Gerald Scarfe (b. 1936) is one of Britain’s most celebrated and distinctive artists, cartoonists and illustrators. His unmistakeable political cartoons have decorated the editorial pages of London’s most prestigious Sunday newspaper, The Sunday Times, for more than five decades. For The Daily Mail he also contributed editorial reportage in the 1960s from around the world, including memorable illustrations of the war in Vietnam. The same decade saw his work appearing regularly in two of the country’s most popular magazines, Private Eye and Punch, while he also contributed several of the most creative cover designs for Time magazine.
His journalistic and editorial work was merely the springboard for a life devoted to a dazzlingly diverse array of creative ventures. Over the course of his long and distinguished career, Scarfe’s talent has been turned to many other media beyond the printed page, including television (where, among other commissions, he provided the unforgettable opening title sequence for the BBC comedy classic, Yes, Minister); theatre; opera; ballet; and cinema, notably his work as Production Designer on the 1997 Disney animation, Hercules.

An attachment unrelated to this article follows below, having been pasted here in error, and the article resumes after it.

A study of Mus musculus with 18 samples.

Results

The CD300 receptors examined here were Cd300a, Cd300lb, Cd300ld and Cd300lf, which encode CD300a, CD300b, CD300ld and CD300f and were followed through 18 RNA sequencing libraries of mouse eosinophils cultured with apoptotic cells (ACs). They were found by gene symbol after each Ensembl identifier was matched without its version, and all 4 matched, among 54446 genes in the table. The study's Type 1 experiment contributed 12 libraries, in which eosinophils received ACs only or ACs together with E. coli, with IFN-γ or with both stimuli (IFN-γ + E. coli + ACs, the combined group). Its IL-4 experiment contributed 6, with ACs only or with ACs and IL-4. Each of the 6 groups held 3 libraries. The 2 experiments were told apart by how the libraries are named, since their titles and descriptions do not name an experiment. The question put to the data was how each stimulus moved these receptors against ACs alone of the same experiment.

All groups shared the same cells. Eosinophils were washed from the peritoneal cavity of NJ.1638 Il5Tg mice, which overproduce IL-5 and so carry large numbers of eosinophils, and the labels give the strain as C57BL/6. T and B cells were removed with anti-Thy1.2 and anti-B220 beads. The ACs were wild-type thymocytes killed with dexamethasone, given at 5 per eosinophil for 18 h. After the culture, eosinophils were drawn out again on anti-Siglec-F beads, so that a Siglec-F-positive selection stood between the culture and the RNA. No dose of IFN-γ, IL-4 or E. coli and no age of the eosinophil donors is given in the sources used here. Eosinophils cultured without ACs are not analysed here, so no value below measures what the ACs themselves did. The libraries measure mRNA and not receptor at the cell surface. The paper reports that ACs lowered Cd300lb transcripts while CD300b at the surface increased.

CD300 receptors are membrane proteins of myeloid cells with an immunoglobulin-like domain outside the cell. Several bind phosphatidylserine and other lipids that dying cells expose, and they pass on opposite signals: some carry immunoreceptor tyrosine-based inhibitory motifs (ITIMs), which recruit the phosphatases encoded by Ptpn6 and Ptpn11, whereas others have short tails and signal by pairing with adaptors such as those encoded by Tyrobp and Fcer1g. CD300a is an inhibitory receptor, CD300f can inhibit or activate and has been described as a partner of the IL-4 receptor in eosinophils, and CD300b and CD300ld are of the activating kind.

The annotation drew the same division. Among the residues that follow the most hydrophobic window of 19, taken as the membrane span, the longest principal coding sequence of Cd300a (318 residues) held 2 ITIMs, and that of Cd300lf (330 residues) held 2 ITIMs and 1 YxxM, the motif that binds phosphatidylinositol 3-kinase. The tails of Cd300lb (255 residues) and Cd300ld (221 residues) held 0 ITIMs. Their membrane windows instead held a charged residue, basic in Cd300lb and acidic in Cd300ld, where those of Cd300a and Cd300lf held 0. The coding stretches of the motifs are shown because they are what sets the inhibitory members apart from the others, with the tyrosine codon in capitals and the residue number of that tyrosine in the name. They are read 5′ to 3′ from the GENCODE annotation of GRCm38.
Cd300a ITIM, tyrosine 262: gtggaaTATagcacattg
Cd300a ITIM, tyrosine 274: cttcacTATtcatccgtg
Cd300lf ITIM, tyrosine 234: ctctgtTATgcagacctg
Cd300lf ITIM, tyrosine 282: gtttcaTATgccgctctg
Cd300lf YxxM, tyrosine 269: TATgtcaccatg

His depictions of major British figures, past and present, were commissioned and exhibited by the National Portrait Gallery in 2003 – merely one of literally dozens of exhibitions of his work which have been staged since the late 1960s. He has been a regular broadcaster, most recently as the presenter of BBC Radio 4’s Recycled Radio, and has also worked successfully as a film and TV director, a costume and set designer, and an author.
Among his many honours, he was awarded a CBE in HM The Queen’s Birthday Honours in 2008; and he was also invited to design a set of postage stamps for The Royal Mail. Since the 1960s, his drawings have often been collected in book form, most notably in his pictorial autobiography, Scarfe by Scarfe (1986), which was made into a BBC film, and also Drawing Blood, published in 2005. But perhaps his most familiar and widely seen work has arisen from his frequent collaborations with the rock band, Pink Floyd, on whose career he left an indelible and unique mark.